Like any other doctor appointment, it is important for patients to arrive prepared for their first concussion specialist appointment. The Mayo Clinic suggests the following tips for patients preparing for their first appointments:1
List symptoms. Patients should keep a list of any and all symptoms they are experiencing—not just symptoms they suspect are related to the concussion.
Write down personal and medical information. Knowing if the patient has any unique stressors, recent life changes, or other facets of their daily life is an important part of the diagnosis and treatment process. This information should also include a list of the patient’s current medications and supplements (if any), whether or not the patient has a previous history of head injury, and any other conditions for which the patient is receiving treatment.
Bring a family member. Not only can family members help patients remember details, they may also have their own information to share about how the patient’s behavior has been impacted by the concussion or concussion symptoms.
Bring questions. Having questions for the physician written down can help patients remember what they want to ask. Questions may be about symptom persistence, treatment recommendations and plans, returning to regular activities, and other facets of the treatment and recovery process.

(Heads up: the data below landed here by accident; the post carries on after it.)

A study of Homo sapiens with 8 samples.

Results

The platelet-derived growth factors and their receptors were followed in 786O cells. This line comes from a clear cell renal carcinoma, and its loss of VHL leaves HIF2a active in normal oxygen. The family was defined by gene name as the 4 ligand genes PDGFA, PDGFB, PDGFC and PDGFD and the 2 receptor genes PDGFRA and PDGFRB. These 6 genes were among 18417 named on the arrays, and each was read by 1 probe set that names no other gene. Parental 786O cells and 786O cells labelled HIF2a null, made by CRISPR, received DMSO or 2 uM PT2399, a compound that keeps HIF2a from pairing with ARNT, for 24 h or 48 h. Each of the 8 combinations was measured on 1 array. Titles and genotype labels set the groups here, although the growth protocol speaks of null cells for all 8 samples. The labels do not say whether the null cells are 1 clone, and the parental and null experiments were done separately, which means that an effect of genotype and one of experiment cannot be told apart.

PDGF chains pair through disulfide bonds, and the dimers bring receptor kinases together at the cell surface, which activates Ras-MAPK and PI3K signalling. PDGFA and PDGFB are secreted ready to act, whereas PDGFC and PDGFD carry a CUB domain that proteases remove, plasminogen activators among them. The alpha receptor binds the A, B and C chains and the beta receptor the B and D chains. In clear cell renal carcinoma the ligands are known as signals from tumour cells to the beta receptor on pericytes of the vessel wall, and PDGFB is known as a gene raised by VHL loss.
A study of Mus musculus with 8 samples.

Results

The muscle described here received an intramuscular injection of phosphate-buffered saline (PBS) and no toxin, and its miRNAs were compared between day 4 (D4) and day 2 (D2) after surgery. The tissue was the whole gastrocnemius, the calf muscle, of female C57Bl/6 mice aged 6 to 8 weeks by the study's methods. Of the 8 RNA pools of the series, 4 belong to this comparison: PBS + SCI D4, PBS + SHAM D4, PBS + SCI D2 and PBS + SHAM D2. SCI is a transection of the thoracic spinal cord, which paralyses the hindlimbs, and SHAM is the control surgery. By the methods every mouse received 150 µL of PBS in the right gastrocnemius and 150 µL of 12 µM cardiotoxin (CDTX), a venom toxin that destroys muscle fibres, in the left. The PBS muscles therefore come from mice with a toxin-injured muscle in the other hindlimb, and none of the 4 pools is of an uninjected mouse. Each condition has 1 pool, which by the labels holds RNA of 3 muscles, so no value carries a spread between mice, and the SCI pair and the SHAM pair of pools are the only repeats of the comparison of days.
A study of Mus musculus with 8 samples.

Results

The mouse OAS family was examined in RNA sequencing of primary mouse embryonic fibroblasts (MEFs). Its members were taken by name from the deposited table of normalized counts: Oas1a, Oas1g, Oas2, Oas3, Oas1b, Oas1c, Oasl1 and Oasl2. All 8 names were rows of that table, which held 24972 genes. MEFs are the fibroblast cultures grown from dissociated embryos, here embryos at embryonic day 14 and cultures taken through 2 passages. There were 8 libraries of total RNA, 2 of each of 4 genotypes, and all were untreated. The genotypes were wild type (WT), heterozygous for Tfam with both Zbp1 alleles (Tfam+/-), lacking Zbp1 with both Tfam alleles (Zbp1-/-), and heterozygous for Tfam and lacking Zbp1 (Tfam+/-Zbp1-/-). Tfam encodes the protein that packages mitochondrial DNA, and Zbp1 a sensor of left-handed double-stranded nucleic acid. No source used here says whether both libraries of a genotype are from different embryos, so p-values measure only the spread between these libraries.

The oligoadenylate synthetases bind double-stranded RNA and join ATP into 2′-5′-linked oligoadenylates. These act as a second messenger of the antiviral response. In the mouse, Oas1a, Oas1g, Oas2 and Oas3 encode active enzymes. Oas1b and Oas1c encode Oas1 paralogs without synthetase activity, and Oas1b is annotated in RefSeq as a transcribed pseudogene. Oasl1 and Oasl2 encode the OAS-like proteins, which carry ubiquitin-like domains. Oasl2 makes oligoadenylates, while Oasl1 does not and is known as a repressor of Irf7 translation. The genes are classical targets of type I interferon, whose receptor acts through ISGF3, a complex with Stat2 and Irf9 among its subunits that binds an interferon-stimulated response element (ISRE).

Patients who arrive to their appointments prepared can make the most of their time with their doctor. Bringing written lists (or even a family member) along can help ensure nothing is left out of the consultation.
In This Article:
- What Is a Concussion Specialist?
- How to Prepare for an Appointment with a Concussion Specialist
What to expect during a concussion specialist appointment
Unlike other injuries, there is no single, definitive test with which physicians can diagnose a concussion. To assess a patient’s condition, a concussion specialist will typically administer one or more of the following:
- Physical exam and assessment
- Symptom checklist
- Memory questionnaire
- Information processing and reaction time tests
- Neuropsychology testing
Imaging technologies such as MRI and CT scans cannot detect or diagnose concussions, and are not used in the acute situation. CT scans may be used in the emergency room setting if a more significant injury is suspected.2
If a patient is diagnosed with concussion, a concussion specialist will help the patient devise a recovery plan and advise the patient on how to manage symptoms. Follow-up appointments may be scheduled to monitor symptoms and make adjustments to treatment.